The Only Safe Place for Manufacturing Killer Viruses
By: Patrick Kiger
WARNING: You may be a bit shocked in about 500 words from now, when I propose putting a few of the world's leading virus researchers into permanent exile in orbit — confining them to space stations guarded by particle-beam robots. But bear with me.
You may have seen this New York Times article about the ominously named National Science Advisory Board for Biosecurity's decision to reverse its previous stance and recommend that scientists be allowed to publish details of how they created a new, super-virulent version of the H5N1 bird flu virus. The natural version of H5N1 is a potent killer. But the new manmade version, in contrast, can spread directly among people — a truly nifty achievement, if you're the sort who gets excited about the sort of invention that inspires this cheery Gizmodo headline: "Engineered Avian Flu Could Kill Half the World’s Humans."
I'm feeling a little nostalgic for the good old days, when the genetically engineered deadly super-microbes As it turns out, the potential contagion that might wipe out a good portion of our species was hatched in the Netherlands, a nation that we generally think of in terms of benign eccentricities — wooden shoes, chocolate-flavored vodka, and that scene in the 1994 movie Pulp Fiction, in which John Travolta's character extols the virtues of the "Royale with Cheese." Meet Ron Fouchier, a virologist at Rotterdam's Erasmus Medical Center, who acknowledged in a recent Science magazine interview that he and his team have created "probably one of the most dangerous viruses you can make." As the article explains:
The virus is an H5N1 avian influenza strain that has been genetically altered and is now easily transmissible between ferrets, the animals that most closely mimic the human response to flu. Scientists believe it's likely that the pathogen, if it emerged in nature or were released, would trigger an influenza pandemic, quite possibly with many millions of deaths.
As this story from the German magazine Spiegel details, Fouchier and his colleagues created the new organism not because they wanted to wipe out humanity, but in an effort to identify mutations responsible for the speed at which deadly pandemics spread. Eventually, Fouchier hopes to develop an "early warning system" that would sound the alarm about killer infectious diseases before they spread.
Armies of scientific, media and government critics have raised alarms about the work by Fouchier and other scientists who've been pursuing similar experiments. They're worried that security breaches will result in superbugs escaping from the laboratory and infecting the population, or that terrorists or malevolent regimes will get their hands upon the scientists' research and use it to unleash a new version of the Black Death, an epidemic which killed off much of the population of Europe in the mid-1300s. In January, Fouchier and others who've been working on superbugs reluctantly agreed to impose a temporary moratorium on pandemic pathogens' potent ability to infect people and animals. He talks of using such knowledge to develop an "early warning system" that would help to stem future outbreaks of lethal infectious diseases.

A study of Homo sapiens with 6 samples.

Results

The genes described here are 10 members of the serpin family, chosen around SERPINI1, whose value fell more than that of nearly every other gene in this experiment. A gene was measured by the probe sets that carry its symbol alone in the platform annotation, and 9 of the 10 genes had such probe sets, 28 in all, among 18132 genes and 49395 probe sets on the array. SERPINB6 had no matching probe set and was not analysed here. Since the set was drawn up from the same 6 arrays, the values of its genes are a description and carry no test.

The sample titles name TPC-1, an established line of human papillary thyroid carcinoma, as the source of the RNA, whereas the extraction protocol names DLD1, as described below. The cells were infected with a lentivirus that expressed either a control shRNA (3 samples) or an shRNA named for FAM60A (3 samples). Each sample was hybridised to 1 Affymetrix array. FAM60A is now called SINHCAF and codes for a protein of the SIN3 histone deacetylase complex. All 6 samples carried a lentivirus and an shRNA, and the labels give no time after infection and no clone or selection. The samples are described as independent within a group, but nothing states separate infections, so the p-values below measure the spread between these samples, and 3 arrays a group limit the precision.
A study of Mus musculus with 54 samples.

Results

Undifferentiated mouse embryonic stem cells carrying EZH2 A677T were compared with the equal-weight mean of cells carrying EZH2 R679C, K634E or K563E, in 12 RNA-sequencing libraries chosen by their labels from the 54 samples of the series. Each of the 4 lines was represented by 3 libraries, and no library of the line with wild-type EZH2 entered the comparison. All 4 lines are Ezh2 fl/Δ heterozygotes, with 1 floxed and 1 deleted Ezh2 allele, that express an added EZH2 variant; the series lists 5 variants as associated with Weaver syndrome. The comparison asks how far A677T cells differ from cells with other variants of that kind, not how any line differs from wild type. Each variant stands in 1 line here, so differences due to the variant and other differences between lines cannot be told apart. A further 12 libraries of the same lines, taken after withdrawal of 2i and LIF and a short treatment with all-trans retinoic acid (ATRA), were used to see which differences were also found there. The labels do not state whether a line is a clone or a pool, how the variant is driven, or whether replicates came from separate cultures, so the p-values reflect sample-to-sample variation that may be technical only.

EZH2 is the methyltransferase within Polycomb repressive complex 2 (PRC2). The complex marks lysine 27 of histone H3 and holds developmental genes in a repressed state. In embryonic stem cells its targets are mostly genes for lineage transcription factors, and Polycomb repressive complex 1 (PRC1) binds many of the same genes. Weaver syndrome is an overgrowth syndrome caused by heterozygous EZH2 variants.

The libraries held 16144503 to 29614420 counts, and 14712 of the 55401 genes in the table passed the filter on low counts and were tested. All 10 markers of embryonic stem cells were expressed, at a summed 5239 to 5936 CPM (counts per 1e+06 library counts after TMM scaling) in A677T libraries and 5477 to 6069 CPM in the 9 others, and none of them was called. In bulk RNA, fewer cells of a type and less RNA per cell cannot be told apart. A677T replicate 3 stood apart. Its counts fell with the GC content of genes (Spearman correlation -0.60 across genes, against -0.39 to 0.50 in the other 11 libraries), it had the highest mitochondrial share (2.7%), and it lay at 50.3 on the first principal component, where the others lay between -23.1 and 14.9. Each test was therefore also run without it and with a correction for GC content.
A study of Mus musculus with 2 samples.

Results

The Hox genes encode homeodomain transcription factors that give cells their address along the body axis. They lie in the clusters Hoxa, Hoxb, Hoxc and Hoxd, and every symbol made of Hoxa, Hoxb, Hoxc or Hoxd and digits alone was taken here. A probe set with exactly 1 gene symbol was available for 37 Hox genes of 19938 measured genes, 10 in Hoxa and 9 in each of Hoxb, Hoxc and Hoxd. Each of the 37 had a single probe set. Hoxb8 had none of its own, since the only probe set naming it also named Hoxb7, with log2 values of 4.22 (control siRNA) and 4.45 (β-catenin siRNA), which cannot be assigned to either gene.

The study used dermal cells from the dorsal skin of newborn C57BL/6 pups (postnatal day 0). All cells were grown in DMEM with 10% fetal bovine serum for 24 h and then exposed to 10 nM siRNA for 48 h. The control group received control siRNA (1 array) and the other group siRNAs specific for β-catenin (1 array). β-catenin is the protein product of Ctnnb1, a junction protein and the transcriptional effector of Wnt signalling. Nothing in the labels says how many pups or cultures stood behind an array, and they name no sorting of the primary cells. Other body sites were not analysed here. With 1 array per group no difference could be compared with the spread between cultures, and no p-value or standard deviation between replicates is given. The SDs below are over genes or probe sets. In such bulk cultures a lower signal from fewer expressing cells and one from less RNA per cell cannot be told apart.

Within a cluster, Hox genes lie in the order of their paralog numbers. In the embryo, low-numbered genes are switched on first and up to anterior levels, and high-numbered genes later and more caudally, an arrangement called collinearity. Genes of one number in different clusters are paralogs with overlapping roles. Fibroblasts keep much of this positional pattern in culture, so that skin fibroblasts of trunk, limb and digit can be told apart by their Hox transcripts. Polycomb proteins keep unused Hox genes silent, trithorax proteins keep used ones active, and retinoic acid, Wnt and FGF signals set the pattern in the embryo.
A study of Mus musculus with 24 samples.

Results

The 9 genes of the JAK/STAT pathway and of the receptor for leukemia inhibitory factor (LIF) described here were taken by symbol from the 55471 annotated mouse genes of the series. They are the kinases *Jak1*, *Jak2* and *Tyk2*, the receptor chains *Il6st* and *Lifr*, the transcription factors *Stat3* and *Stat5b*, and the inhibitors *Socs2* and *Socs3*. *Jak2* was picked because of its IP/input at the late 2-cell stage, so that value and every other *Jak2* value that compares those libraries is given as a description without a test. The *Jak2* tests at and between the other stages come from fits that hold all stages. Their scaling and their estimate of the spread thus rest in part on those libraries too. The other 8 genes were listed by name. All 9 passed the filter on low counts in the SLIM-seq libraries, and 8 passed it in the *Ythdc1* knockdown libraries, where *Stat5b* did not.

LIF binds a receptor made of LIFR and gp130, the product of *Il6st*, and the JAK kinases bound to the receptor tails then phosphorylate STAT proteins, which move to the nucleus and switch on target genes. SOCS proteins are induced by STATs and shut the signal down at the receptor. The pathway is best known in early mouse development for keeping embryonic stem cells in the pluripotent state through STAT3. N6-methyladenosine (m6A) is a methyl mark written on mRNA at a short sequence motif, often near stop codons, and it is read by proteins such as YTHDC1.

But the debate has continued to rage: Should scientists be able to publish papers describing their work with super-viruses in detail? Initially, the National Science Advisory Board for Biosecurity, concerned that the info might be used by the likes of Al Qaeda, recommended that it be published only in redacted form, with key details withheld. But at the end of March, the board abruptly reversed its position, saying that it had decided while that the papers still presented security concerns, "the data described in the...manuscripts do not appear to provide information that would immediately enable misuse of the research in ways that would endanger public health or national security.
Personally, that wiggle-word "immediately" sets off alarms in my head. Just as I'm not too reassured by Fouchier's tepid reassurances that the virus is not likely to escape from his lab, I'm not convinced that there isn't somebody out there in a lab someplace who won't be able to figure out how to connect the dots and create an epidemic. As the New York Times recently reported, some experts fear that the growing, largely unregulated community of DIY biologists makes that scenario all the more likely.
Here's my solution: If scientists really want to genetically engineer monster viruses, fine. But they should have to do it by remote control, with the actual experiments conducted by robots in an orbiting space station, while other robots stand guard with particle beam weapons to prevent North Korean astronauts from getting any notion about breaking in. All the data transmissions from the orbital lab would be encrypted, and whatever papers the scientists produced wouldn't be published on the Internet or in scientific journals. If you really have a legitimate need to know the details of their findings, you'd have to go to a secure facility someplace and have them read aloud to you. And then the FBI and the Centers for Disease Control and Prevention would keep you under continuous surveillance from that point on, just to make sure you don't do something stupid with it.
But that's just what I think. Post your opinion below. We promise not to redact it. Or at least we probably won't.